Historically, silver has been associated with cleansing, healing, the moon and warding off evil. For example, it is said that some monsters such as werewolves would only die if it is shot by a silver bullet. The Greek goddess of hunting and the moon, Artemis, carries a silver bow. Although it is always seconded to gold when it comes to precious metals, silver is a fascinating metal.
It is the most reflective metal on Earth and has the highest conductivity for heat and electricity. It is ductile and malleable, making it a good choice of metal for making coins, jewellery and silverware (hence the name). Because of how reflective it is, it is also used in solar panels and special mirrors, such as those in telescopes.
Another useful characteristic of silver is its chemical reactivity. Thanks to this property, silver forms many different compounds with varying applications. Silver halides are photosensitive and turn dark when they are exposed to light. This is the basis of film photography, where the light shone on a film coated with silver halides leaves a photographic imprint. Silver oxides are sometimes used in batteries and silver/mercury alloys are used for dental fillings.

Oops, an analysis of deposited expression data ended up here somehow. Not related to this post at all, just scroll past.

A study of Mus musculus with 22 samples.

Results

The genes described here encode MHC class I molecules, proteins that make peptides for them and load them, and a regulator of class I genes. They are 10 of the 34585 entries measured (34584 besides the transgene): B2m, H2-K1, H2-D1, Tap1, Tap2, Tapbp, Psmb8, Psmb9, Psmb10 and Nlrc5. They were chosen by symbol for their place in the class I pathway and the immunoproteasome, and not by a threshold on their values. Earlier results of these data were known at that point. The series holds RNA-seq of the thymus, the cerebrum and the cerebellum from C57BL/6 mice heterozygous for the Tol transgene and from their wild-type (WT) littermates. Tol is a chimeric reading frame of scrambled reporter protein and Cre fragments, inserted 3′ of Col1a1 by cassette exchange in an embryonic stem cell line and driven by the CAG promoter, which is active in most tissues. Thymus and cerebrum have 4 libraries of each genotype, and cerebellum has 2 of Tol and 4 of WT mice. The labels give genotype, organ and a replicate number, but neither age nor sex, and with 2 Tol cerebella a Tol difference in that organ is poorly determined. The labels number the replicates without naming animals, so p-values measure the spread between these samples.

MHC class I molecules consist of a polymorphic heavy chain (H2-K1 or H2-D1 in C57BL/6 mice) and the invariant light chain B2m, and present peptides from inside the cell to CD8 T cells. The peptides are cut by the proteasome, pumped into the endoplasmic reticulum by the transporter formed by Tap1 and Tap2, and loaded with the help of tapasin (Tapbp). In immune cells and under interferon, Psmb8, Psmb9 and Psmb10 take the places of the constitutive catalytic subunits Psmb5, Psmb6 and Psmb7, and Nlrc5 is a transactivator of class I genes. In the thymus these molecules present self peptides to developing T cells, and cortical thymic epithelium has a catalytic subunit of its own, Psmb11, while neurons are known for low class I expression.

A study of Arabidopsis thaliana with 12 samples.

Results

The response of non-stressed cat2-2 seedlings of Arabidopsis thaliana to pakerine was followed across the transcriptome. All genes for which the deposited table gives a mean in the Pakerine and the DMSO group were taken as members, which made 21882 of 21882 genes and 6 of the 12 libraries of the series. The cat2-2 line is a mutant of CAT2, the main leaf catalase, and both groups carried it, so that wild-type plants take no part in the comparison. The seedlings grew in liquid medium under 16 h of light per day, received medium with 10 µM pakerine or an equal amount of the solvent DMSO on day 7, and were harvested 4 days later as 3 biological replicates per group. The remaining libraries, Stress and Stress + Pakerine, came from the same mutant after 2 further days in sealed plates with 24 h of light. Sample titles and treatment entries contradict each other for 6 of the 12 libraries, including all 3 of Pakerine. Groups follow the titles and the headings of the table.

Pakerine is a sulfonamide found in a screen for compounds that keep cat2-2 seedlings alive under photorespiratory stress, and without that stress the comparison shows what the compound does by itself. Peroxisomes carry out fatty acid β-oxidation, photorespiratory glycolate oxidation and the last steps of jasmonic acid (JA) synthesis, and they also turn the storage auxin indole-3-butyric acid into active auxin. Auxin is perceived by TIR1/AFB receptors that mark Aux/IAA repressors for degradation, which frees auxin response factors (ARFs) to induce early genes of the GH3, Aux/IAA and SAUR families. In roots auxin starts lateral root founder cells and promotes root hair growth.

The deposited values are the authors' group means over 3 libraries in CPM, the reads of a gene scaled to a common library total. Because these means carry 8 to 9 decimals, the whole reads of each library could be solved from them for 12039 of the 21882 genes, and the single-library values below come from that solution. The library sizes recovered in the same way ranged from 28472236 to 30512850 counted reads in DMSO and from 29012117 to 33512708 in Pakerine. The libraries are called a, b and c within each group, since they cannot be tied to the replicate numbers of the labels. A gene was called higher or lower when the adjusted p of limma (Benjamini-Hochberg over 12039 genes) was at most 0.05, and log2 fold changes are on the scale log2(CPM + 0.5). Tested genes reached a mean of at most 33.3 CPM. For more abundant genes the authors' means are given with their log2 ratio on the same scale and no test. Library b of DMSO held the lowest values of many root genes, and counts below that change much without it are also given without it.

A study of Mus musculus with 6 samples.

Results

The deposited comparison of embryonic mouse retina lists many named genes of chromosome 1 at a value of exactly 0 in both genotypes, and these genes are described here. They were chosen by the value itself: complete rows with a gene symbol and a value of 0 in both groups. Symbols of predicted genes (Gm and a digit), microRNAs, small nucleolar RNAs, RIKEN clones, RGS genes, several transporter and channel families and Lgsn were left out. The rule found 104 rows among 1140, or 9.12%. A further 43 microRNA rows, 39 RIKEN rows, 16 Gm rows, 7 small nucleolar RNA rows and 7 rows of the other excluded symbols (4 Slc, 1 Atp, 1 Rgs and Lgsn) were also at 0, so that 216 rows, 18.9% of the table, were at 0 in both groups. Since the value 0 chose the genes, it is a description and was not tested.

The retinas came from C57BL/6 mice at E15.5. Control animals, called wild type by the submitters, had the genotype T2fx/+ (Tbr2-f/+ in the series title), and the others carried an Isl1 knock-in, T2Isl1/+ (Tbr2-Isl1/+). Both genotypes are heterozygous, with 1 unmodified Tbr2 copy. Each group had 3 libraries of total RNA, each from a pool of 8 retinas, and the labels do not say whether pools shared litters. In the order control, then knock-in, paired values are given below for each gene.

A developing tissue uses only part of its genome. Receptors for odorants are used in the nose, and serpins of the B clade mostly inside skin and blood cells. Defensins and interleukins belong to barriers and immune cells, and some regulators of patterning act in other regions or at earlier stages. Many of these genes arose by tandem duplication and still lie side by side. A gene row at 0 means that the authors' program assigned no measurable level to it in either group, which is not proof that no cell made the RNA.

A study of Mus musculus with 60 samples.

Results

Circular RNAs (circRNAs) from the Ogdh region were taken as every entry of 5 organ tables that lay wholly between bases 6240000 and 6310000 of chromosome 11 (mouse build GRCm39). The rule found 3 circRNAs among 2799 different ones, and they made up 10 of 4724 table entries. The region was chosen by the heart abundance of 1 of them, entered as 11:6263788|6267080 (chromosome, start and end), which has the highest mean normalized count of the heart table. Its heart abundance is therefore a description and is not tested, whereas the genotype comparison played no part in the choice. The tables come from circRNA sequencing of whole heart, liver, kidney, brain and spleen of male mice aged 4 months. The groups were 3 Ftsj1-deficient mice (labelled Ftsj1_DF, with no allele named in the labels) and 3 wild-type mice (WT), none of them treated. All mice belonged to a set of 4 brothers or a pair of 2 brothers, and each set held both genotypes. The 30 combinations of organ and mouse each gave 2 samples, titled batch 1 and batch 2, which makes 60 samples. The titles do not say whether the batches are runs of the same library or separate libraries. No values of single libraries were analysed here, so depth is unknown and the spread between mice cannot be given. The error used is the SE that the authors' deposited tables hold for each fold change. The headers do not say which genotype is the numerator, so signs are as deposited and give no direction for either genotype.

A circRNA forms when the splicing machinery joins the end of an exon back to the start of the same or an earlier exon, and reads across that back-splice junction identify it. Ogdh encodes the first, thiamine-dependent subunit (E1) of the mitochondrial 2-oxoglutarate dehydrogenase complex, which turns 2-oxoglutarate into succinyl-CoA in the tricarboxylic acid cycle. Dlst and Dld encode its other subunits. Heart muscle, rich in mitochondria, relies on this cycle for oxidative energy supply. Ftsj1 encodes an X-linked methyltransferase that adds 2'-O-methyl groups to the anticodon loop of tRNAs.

Silver also plays a role in medicine. Silver ions have been shown to inactivate bacteria such as E. coli, making silver nanoparticles a useful antiseptic that can be impregnated into different materials such as wound dressings. Silver nitrate sticks are used in emergency departments as applying it to a bleeding vessel in the nose will release nitric acid, which cauterises (burns off) the vessel to stop a nosebleed. In medieval Korea, silver spoons were used to test if a food has been poisoned with arsenic, as arsenic reacts with silver to form a black tarnish. If a person has too much silver build-up in their body, they can develop argyria (silver poisoning), which turns the skin an eerie bluish-grey colour.